Inspections Can Prevent Headaches For You & The Customer


Many automotive engines now feature an array of “plastic” components (not merely plastic, but various polymer/composite formulations and constructions.) This is no secret. The move, from metals to composites, saves weight, something that automakers continually strive to accomplish in their ongoing quest for improved fuel economy.

The use of composite materials also provides a manufacturing cost savings, in terms of less costly injection molding as opposed to metals that require more extensive machining operations to achieve a finished product.

However, as we all know through the school of hard knocks, sometimes plastic components warp or crack due to thermal changes, age, stress or mishandling. One example is plastic thermostat housings/water necks, which sometimes warp at the base, preventing a seal; or they crack. Either problem can result in coolant leaks.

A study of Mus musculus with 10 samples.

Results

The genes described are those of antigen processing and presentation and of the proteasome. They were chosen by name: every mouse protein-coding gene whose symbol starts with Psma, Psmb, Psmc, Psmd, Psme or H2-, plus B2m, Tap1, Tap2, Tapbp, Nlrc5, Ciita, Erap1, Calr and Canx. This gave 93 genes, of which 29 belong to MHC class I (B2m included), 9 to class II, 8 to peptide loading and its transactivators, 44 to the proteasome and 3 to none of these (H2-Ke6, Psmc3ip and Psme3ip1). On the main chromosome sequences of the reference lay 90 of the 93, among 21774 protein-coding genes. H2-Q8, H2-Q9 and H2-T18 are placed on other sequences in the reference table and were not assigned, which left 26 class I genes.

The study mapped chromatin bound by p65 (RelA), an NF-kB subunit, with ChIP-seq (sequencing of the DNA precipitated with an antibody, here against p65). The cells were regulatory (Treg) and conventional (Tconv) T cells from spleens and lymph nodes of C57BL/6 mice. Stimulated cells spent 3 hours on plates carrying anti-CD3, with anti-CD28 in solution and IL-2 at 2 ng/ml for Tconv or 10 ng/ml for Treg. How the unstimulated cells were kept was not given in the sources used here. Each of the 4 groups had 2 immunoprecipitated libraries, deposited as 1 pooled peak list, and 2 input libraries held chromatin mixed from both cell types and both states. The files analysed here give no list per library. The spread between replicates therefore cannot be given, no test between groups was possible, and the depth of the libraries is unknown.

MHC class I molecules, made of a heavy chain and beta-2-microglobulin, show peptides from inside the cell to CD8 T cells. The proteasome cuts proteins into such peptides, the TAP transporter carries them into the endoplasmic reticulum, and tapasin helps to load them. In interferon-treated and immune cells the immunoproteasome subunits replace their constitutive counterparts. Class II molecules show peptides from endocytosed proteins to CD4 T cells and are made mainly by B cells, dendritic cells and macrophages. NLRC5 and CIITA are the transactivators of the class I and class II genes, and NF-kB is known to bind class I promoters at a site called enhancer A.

Another example is plastic molded intake manifolds. A case in point is the manifold for the Ford 4.6L engine, which is sometimes prone to cracking, allowing coolant to leak directly into a coil-on-plug well, migrating and causing an intermittent misfire. While plastics are lighter and won’t rust or corrode, they’re not impervious to wear and tear or just plain aging.

Whenever servicing an engine where composite components are found, be sure to inspect for signs of damage, especially warping or cracking. Even though such issues may or may not present a current problem, catching any concerns early can save headaches for both you and the customer.

“Plastics” have their use and are often wonderful alternatives to metals, but they’re not bullet-proof. Never assume that just because a part isn’t rusted or corroded that it’s good to go.